Country singer's cover of Tracy Chapman's 'Fast Car' charts higher than the original

Originally published at: Country singer's cover of Tracy Chapman's 'Fast Car' charts higher than the original | Boing Boing


Nice! However … you could retire on a #6 single in 1988. #4 in 2023 might buy you a new truck!


Heard this just the other day for the first time. He doesn’t do much to really make it his “own,” but in this case I’ll forgive that. It’s one of those tunes that really loses its impact if you change it too much. No version will ever be better than hearing her sing it live, though, which I had the pleasure of doing once.


Every Christmas the stores start playing modern covers of Christmas songs that sound almost identical to the original but just with a new singer. I always wonder like who needs a new version of “last Christmas” or “all I want for Christmas is you” when the originals are perfect and classic. Is it actually them trying to appeal to younger audiences or is there some back room payola deals with record companies to promote the new artists or something?


I too just heard this song last weekend, - twice - running through unfamiliar stations on the way home from my parents (after spending a week in Texas).

I think he did a good job, and I too was a little surprised he didn’t change any words (which honestly, the song wouldn’t make as much sense if you did).

However, it still really pales compared to Tracy Chapman’s original, which is a such a fantastic song.


Sounds more like a remix than a cover. His voice is even similar. Like back when they used to release “sounds like” albums to avoid paying royalties.


At least with the songs playing in stores, I kinda get that part of the reason is royalties, a lot of commercial playlists use lesser known artists so that the artist gets a flat payment and the only royalties owed are to the composers (mostly via ASCAP).

This feels instead like a labour of love. The artist simply likes the song, and enough other people also like his recording enough to add it to their streaming playlists, if I understand the charts nowadays. Somehow comparing singles sold to the age of streaming services seems quaint.


She was already a rising star, but she got the big break in 1988 when she was asked to fill in for Stevie Wonder (who was having technical problems) at the Wembley Stadium concert for Nelson Mandela.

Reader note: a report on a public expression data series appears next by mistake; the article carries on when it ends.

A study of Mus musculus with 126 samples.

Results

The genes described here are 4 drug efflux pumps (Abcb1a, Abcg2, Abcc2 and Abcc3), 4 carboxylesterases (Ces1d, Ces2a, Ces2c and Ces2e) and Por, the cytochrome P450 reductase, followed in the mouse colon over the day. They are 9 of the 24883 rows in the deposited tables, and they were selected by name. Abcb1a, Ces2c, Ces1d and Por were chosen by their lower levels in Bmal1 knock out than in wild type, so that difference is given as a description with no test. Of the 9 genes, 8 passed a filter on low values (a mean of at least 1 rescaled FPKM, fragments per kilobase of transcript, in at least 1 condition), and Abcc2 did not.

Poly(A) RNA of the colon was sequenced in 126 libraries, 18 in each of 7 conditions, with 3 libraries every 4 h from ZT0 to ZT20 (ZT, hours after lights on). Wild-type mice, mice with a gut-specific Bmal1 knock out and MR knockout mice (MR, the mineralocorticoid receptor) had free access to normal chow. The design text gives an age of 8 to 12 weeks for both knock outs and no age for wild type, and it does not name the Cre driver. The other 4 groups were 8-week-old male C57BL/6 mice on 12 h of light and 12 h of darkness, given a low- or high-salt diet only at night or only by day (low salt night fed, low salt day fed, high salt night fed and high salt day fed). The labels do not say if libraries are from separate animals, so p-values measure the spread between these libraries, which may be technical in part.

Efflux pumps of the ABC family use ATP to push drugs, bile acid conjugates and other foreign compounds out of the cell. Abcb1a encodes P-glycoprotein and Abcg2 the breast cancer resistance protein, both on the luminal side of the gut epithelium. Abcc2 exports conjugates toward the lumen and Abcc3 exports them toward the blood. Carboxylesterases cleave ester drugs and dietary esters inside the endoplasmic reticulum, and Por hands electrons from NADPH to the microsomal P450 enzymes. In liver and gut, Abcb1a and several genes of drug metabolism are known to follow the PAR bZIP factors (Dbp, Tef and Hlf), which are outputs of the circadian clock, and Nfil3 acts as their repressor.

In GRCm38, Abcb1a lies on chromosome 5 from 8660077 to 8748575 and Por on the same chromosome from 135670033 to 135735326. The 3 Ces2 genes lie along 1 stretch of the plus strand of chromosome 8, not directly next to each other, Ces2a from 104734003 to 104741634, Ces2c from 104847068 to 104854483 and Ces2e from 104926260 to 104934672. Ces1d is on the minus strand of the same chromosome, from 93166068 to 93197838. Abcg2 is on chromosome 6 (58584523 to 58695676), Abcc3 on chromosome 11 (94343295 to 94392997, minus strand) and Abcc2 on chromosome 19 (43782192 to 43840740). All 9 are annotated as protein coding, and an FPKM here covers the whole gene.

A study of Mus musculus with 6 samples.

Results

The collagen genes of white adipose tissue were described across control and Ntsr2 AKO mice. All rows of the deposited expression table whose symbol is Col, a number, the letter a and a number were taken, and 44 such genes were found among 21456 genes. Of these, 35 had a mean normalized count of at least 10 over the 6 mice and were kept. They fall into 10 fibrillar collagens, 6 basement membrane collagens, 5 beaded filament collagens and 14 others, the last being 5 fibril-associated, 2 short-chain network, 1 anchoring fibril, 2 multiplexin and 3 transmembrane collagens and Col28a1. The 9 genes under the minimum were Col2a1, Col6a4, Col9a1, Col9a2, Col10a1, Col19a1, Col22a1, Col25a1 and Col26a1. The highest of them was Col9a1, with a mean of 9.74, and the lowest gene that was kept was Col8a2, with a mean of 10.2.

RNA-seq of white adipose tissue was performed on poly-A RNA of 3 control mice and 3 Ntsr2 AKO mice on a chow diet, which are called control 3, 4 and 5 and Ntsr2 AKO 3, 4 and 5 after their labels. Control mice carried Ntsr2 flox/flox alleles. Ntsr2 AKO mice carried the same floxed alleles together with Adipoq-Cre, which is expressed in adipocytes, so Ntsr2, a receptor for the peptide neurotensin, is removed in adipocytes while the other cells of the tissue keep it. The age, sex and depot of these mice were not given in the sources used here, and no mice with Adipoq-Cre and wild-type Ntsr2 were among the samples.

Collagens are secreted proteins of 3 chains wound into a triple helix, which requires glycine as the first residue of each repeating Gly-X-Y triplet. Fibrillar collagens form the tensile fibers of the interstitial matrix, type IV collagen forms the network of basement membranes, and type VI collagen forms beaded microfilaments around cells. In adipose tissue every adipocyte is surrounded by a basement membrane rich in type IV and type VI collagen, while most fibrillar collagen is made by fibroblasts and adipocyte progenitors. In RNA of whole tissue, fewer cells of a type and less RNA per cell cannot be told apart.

As songwriter and lyricist, she’s getting her cut of royalties off of this - I’m assuming she doesn’t mind it.


Totally! I guess I just prefer covers to at least try to do something unique or I’d rather just listen to the original. This version does sound good, I won’t deny. And heck, maybe it will get more people listening to the original. I feel like that happens with me back in the 90s when I was a teen. I discover David Bowie and the Vaselines because of Nirvana covers!


i’ve been a fan of hers since her first album, and i also have been boosting his cover since i heard it about a month ago – i think it’s perfect, and i’m glad he honors her original down to the last note and lyric. he seems like a good guy who just loves her, too. congrats on this success to both of them.


I’d say both. Payola and efforts to court younger demographics.

Rare example of a cover that adds a new perspective without taking away from the original. I like the cover and I like the original, and the cover will bring younger people into appreciating her, too.


I will say, I do like it when songs are covered by an artist in a different genre and it works. It shows just how good the song really is. I never cared much for disco, so I didn’t think much of I Will Survive until Cake covered it. I liked their version so much it made me go back and listen to Gloria Gaynor’s version with a more open mind, and I loved it too.


With tunes like this, I like it when the cover artist approaches it with an advantage the original performer didn’t have: they know it’s a success, they don’t have to push it, they can strip away the bits that aren’t essential and serve up the favourite parts. He did good here.

I’m not jealous (sulks away, kicks furniture).




I’d say the only thing making this version Country is the addition of a pedal steel guitar at the beginning. It might be playing throughout this version but I’m listening through a PC speaker.

I like them both. But I can remember exactly where I was the first time I heard the original. I was on the Number 1 MBTA bus going down Massachusetts Avenue listening to the radio through an AM/FM/Cassette Walkman coming home from work.


Honestly, I don’t want to like this, but I have to admit it’s pretty good. It’s also really nice to see a country song that goes back to that whole working class struggle thing that used to define the genre.